A Young Historian’s Meditation on the Living and the Dead

I spend my days among the dead, the ancient and the old,

I haunt the halls of history, the dusty and the cold.

The pages cannot speak to me, the paper has no face,

The letters cannot laugh with me, the ink gives no embrace.

And yet I love discovery, I live in days gone by,

I love the who, what, where, and when, the whether and the why.

But now that one I dearly love is drawing near to death,

And edging ever closer to her last and final breath,

I find myself rebuked for seeing with the eyes of youth,

And failing to appreciate a plain and simple truth:

That archives, graves, and libraries will never disappear,

But kindred, friends, and family will leave us year by year.

If I should wish to hear the voice of one who’s gone before,

Why would I not give equal time, in fact, why not give more,

To those who live, to those who love, to those that yet remain,

To those we know, to those we see, to those who share our name?

No manuscript or signature, no photograph or note,

Can substitute or replicate a grandpa’s anecdote.

No treasure of the ancient world can rival or replace

The loving tender kindness of a grandma’s smiling face.

No comfort and no luxury will equal or compare,

To simple joys like hearth and home when family is there.

We waste our time with pixeled screens, with that which matters not,

Neglecting those who will, one day, be only in our thoughts.

And if we fail to take the time to spend our days with them,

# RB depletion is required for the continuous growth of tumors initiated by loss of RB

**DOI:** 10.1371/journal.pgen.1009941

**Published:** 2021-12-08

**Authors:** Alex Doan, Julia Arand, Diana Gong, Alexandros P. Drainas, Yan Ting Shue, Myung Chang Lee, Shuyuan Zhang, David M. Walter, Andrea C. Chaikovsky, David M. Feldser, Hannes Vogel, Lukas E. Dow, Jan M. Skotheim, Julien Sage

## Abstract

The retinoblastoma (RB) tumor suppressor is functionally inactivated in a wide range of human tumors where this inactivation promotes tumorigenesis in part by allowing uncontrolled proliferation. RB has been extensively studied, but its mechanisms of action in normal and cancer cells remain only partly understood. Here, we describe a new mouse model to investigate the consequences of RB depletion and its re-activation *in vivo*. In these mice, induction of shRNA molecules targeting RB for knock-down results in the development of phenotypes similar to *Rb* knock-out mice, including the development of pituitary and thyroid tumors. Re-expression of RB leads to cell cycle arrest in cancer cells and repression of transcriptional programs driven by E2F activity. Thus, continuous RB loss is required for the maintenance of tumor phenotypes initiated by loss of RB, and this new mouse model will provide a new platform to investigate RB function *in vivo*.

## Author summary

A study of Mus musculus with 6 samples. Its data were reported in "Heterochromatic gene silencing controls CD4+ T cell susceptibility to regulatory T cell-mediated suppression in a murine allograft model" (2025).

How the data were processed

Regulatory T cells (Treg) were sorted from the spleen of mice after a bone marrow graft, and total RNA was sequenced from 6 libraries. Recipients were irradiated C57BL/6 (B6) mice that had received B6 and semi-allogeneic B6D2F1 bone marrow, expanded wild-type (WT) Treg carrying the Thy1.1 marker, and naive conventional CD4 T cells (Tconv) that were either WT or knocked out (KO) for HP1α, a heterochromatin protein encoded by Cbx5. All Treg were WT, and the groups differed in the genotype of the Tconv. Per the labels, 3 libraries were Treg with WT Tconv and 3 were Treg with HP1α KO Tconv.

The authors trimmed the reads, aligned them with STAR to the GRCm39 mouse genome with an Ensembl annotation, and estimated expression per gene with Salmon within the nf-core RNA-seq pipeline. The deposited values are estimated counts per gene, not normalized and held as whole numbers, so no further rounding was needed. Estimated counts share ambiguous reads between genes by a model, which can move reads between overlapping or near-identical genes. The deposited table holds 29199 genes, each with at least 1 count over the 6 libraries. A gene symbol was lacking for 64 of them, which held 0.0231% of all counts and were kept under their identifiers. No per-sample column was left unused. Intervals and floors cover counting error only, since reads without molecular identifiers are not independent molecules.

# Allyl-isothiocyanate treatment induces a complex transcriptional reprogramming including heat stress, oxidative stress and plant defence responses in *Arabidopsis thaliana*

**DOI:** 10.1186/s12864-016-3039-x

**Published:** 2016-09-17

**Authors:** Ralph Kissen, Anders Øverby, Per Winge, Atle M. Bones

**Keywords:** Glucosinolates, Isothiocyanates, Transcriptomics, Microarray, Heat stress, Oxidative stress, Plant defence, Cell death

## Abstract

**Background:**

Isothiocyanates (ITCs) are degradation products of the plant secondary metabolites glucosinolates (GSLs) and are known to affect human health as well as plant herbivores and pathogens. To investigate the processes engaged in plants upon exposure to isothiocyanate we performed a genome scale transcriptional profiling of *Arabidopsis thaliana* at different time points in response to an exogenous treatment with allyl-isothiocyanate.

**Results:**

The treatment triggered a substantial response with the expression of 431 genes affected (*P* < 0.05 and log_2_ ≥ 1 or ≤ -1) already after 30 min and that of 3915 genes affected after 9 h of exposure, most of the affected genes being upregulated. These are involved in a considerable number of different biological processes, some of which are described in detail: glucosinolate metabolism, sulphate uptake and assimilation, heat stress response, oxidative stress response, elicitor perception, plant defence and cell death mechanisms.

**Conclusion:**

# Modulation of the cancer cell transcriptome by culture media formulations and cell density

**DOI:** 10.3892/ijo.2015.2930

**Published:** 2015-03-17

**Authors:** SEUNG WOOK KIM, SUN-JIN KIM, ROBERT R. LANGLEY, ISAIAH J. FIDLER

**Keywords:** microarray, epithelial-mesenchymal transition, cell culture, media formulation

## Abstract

How poor will be our reminiscing in memoriam?

Begin to know them from the day they leave their mother’s womb,

And stay with them until their body lies within a tomb.

Give honor to the hoary head, give honor to great age;

Give honor to the faithful, and the loving, and the sage.

Do not neglect to know your line, to know your family tree,

Or you will know remorse, regret, toward your ancestry.

So speak to them and be with them, and know their history,

Before they slip away from you into antiquity.

And fill your life with family, with lifelong souvenirs,

With stories, tales, and memories that last throughout the years.


In the seventeenth century, when people prepared their wills they normally paid someone to write them down, normally a scrivener or notary public. Once written, the testator would sign their name (or make their mark) and add their wax seal. Scriveners often used the same template for the wills they composed, which means that most wills have very similar and generic beginnings. The following will, however, stands out among the many hundreds I have read. And for that reason I commend it to you.

“First, principally, and above all considerations I commend and yield my precious and immortal soul into the hands of almighty God my most merciful Creator that gave it and my body unto the earth from whence it was taken in assured hope and confidence that both body and soul shall be reunited and raised again to life immortal in the world to come for I steadfastly believe that as assuredly as Christ Jesus assumed man’s nature and therein fulfilled all righteousness by his most perfect obedience and being with all spot of sin or iniquity yet was accounted and reputed amongst sinners and had the guilt of all the sins of mankind imputed to him for all which he gave full satisfaction unto the divine justice by his most cruel and bitter death so certainly will God impute unto me (vile dust and ashes) the righteousness of Jesus Christ my Savior and the all-sufficient merits of his obedience whereby that in my self am nothing but sin shall be reputed and accounted righteous in his sight seeing that Jesus Christ came into the world to save sinners of whom I account my self the chiefest.”

What is your last will and testament, and what does it reveal about your priorities?